Go Ahead, Exchange Gifts. Forget the Economic Logic.

Reciprocal altruism between friends or within families is a kind of economy, but not the sort where equations apply.

The spirit of the season.

Photographer: JEAN-FRANCOIS MONIER/AFP/Getty Images

Spend much time with economists around this time of year, and you will, eventually, get around to hearing about the dreadful inefficiency of exchanging gifts. You desperately wrack your brains for something, and then buy a supply of scented bath oil for someone who has only got a shower; they return the favor by giving you three books you already had. This is, an economist will solemnly point out, an extreme waste of resources, because each of you would have been happier taking the same amount of cash to buy something for yourself.

This observation is frequently greeted with cries of “Scrooge!” And yet on one level, it’s obviously true, as attested by the vast stocks of unused scented bath sets accumulated by mothers, grandmothers and aunts in their linen closets. And yet, on another level it’s just as obviously false: Even if you are the sort of rational calculating machine who shows up in economics models as Homo economicus. There is a higher logic to the gift economy, a metarationality, that mandates we keep giving and receiving objects of dubious value rather than giving one another money or just abstaining from the exchange of gifts.

We think of “the economy” as a single vast sphere, where cash is king and caveat emptor. But in fact, every American lives in two economies: the market economy, dominated by arms-length transactions with strangers; and the “gift economy,” regulated by what anthropologists call reciprocal altruism. Market transactions are specified exchanges of value for value, with few residual obligations on either party once the contract has been executed, the sale completed. Reciprocal altruism is a lot fuzzier; it’s a sort of favor bank, where you and I (tacitly) agree that we will help each other out without knowing when or how that help might be demanded.

Reciprocal altruism has some benefits over market exchange, which is why smaller groups generally at least partially rely on it. It lowers what economists call “transaction costs”: the non-cash costs of coming to an agreement. These can include things like finding someone who will sell you what you want, negotiating a price, and paying a lawyer to draw up a contract. I don’t need to negotiate a price with my sister when I ask her to drive me to the airport, or call a cab company, or worry that the cab won’t show; she’ll show up because she’s my sister.

Reciprocal altruism also has some higher costs: You have to put more work into signaling loyalty to the relationship, often by putting favors into that favor bank; you generally can’t just decide that you’d rather not trade today. You stand by your brother in a fight, even if that fight is unwise; you take your friend to the doctor, even if you have other important things to do and your friend is a hypochondriac. But there is a payoff to this: When you have a crisis, and really need them, those people are going to be there for you no matter what time of night, or how costly it may be. Reciprocal altruism is a universal insurance policy that neither the market nor the government can fully replace.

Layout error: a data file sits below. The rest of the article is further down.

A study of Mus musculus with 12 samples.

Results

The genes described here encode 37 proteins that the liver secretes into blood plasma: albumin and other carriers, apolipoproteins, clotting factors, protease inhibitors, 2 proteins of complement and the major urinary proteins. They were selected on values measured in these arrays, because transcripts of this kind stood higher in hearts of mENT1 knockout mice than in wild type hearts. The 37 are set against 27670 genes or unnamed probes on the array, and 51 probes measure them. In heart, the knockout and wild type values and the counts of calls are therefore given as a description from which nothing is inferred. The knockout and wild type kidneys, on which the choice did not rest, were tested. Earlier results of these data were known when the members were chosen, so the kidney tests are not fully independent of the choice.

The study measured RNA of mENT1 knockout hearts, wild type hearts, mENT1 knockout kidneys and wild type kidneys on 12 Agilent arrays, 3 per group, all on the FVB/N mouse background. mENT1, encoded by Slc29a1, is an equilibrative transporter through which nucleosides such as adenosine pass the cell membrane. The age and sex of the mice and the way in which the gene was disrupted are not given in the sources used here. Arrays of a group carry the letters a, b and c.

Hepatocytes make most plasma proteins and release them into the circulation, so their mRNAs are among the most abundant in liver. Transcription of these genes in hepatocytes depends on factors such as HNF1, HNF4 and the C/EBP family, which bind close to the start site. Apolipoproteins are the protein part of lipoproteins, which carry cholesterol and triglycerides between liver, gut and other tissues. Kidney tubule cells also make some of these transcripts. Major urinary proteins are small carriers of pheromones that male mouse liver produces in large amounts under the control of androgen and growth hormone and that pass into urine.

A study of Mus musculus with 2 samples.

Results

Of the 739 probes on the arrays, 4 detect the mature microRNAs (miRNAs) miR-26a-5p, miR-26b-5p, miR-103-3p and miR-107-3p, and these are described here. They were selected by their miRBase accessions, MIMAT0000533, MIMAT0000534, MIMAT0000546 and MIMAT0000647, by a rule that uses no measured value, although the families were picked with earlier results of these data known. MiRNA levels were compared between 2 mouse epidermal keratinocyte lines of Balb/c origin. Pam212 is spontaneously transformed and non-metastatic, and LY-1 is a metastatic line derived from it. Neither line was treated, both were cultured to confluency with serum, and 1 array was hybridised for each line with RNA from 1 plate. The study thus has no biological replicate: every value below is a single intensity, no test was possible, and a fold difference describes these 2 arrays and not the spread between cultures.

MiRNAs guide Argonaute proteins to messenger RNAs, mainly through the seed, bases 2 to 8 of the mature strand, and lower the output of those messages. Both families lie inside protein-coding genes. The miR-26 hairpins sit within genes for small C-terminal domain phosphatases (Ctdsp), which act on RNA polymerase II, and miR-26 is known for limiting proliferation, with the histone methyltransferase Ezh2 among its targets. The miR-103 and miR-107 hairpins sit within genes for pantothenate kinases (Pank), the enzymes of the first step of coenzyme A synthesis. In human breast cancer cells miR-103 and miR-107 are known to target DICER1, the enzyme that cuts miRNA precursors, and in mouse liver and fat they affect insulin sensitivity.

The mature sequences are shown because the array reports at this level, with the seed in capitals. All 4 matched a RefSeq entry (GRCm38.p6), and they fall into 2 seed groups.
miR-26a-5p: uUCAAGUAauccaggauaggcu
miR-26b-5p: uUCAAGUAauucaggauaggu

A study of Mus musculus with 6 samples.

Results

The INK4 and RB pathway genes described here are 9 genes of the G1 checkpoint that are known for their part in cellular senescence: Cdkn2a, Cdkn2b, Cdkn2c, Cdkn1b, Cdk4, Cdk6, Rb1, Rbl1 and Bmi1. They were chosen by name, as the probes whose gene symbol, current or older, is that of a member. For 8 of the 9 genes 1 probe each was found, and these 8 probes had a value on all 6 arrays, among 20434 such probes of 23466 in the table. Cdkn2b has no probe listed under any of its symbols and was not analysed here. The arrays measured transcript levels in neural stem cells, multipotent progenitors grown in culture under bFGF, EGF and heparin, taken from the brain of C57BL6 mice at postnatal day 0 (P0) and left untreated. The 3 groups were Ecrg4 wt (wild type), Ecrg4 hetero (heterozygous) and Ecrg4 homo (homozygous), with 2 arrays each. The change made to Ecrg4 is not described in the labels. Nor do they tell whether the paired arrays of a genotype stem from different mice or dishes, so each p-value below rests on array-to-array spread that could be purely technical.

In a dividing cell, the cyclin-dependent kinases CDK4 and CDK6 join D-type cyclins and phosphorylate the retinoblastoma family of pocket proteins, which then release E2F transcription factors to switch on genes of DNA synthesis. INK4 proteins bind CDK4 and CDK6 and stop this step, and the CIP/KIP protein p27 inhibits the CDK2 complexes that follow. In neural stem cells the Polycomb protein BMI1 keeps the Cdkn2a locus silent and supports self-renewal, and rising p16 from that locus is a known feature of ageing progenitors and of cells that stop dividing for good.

Trying to conduct one sort of exchange by the rules of the other doesn’t really work. That’s why communism has never successfully worked above the level of a small group; it’s trying to manage transactions with strangers on the logic of small-group reciprocal altruism. Those small groups have a lot of social mechanisms, from shaming to threat of exile, to prevent people from cheating. When you try to scale it up to millions of strangers, it collapses into destitution or bloody tyranny.

But that’s also why trying to scale down the rules of market exchange to the intimate network of family and friends is doomed to fail. (If you don’t believe me, try offering your partner money to have sexy time with you.)

The rules of reciprocal altruism actually require some inefficiency. Imagine the two possible outcomes if gift exchanges were reduced to cash:

  • You both give each other equivalent amounts of cash, in which case, why bother?
  • One person gives the other more cash, in which case we now observe a sudden disparity in how committed the two parties are to the relationship. This is corrosive to reciprocal altruism.

That’s why we don’t let cash intrude into these relationships (and why a lot of people have a deep moral intuition that turning certain sorts of (typically intimate) dynamics into market transactions, via prostitution or organ sales, is morally wrong or at least questionable. Gifts, unlike cash, put us into a relationship with someone, one in which some labor had to be expended on choosing the gift, some thought given to the other person and what they might like. It is the maintenance fee for your relationship, the premium for your insurance policy.

So no matter how fond you are of economic logic, don’t let it spoil your holiday season: Go ahead and buy that scented bath set. The recipient will enjoy having something to open. And since our brains are hardwired for reciprocal altruism, it will probably make both of you just a little bit merrier, toward each other and everyone else.

This column does not necessarily reflect the opinion of the editorial board or Bloomberg LP and its owners.